The Last Word: Personal must not overshadow professional

Claims that sports stars won't retain the respect of their peers due to media attention are most likely to be premature.

For most married couples, revelations that the husband visited a brothel disguised as a “Thai massage parlor” on more than one occasion over the last few months would be cause for some concern, especially if the details were published in many of the gossip-hungry British newspapers.
But Mr and Mrs Avram Grant are, quite clearly, not like most married couples.
Rumors of the Portsmouth manager’s activities had been flying around for weeks since The Sun ran a story claiming a Premier League boss had visited such an establishment in the town of Horton Heath close to Southampton.
But it wasn’t until Thursday that a court ruling allowed the publication of the protagonist’s name.
Only a few hours after the news of Avram’s actions were published in the UK, Grant’s wife Tzufit, a local celebrity in her own right, gave her views on the sorry scandal.
Somehow, she didn’t seem to be at all fazed, telling reporters she wasn’t angry and understands that her husband needs regular massages due to the stress he is under as Portsmouth boss.
As yet, there is no conclusive proof that those working in the now-closed down parlor provided Grant with any services other than relaxing massages, said Tzufit, who still lives in Israel. And even if they were sex workers it is a private matter, she added.
Brushing over Mrs Grant’s apparent naiveté about the way the world’s oldest profession is run in England these days, her attitude towards the media spotlight on her husband’s private life, and expectations that it should be linked to his professional life, is spot on.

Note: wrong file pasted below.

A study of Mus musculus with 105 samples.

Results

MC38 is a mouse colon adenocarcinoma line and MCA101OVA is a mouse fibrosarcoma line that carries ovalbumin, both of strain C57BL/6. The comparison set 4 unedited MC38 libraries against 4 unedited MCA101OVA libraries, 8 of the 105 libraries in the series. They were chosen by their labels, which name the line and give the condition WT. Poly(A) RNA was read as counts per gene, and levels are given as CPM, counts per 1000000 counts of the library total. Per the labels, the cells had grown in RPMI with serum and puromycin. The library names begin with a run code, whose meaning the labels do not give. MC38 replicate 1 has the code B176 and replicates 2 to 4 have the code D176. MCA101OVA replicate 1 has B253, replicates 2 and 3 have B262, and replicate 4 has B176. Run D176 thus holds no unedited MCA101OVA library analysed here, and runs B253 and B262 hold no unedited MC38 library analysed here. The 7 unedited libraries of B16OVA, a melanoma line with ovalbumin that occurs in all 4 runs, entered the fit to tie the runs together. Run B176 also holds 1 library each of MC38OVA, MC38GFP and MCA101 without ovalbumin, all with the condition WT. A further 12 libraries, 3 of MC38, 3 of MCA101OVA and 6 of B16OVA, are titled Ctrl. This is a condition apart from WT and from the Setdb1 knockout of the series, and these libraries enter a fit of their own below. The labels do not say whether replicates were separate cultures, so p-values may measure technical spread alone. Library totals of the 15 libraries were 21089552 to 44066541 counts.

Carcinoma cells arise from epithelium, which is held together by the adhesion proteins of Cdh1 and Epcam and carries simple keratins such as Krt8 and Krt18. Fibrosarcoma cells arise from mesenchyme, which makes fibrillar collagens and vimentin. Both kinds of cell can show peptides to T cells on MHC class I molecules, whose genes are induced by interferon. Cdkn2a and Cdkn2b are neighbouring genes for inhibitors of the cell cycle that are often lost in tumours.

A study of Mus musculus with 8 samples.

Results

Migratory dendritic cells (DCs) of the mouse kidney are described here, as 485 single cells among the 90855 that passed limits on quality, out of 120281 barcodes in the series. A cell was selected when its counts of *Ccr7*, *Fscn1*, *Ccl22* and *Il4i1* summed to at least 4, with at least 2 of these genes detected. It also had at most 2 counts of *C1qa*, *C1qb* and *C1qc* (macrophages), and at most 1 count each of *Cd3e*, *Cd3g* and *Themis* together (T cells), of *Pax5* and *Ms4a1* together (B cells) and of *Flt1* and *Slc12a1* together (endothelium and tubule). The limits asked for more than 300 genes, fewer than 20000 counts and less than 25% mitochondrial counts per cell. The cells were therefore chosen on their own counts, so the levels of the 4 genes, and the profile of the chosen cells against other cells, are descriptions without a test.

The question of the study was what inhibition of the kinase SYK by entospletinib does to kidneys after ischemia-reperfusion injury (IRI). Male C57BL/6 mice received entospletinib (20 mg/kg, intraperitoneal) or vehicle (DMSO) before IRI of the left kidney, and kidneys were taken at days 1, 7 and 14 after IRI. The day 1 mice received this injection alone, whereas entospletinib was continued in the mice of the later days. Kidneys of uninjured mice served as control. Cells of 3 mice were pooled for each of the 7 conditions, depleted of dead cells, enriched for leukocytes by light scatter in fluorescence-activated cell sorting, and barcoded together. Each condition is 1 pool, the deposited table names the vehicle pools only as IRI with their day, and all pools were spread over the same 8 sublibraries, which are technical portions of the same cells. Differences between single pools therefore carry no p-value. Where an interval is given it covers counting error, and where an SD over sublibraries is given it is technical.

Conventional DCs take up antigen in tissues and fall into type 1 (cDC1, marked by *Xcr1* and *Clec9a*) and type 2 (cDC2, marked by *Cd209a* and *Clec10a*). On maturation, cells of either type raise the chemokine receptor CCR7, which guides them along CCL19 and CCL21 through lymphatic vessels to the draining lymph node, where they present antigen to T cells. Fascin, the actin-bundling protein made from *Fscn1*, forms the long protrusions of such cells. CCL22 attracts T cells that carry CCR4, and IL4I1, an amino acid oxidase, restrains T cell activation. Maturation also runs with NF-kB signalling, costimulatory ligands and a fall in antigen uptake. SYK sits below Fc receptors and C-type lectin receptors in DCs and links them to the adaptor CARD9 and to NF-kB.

When the story first broke last month there were already claims that the manager would likely be forced to step down, whoever he is.
However it was reported on Thursday afternoon that Portsmouth has no intention of taking any action or making any official comment about the Grant scandal, which could see him questioned by police over his visit to the massage parlor.
Running a brothel is illegal under UK law, but visiting a prostitute is not.
Even if our Avram did go and break the law, he is a private individual and, unless it has a detrimental effect on his ability to do his job, his personal conduct should not influence his bosses.
The court ruling which paved the way for the Grant story to be published came in the wake of the John Terry scandal which has been covered obsessively by the UK press over the last week.
Terry has been reported to have had an affair with the ex-girlfriend of former Chelsea teammate Wayne Bridge, leading to calls for him to stripped of the prestigious England captaincy ahead of this summer’s World Cup finals.
While Terry’s actions are not to be applauded, it is his wife he should have to answer to, not his manager. Terry is a leader on the pitch and his teammates should have no problem focusing on the job in hand and not their captain’s private life when they take to the field for their opening game against the USA on June 12.
In the south of England itself, the confusing financial situation at Portsmouth may well have overshadowed Grant’s scandalous situation but in any case the club has taken the right approach.
The media has every right to focus its attention on the private lives of whichever individuals it chooses to, especially if they are in the public eye.
But claims that sports stars will not be able to retain the respect of their peers due to the overwhelming pressure of media attention are most likely to be premature.
It is up to those directly involved in the sports world to riseabove this and see it for the tabloid news reporting that it is.
Aslong as those forced to have their dirty linen washed in public cancontinue to work at an acceptable level, news of their extramaritalbehavior should never force them out of employment or a prestigiousposition.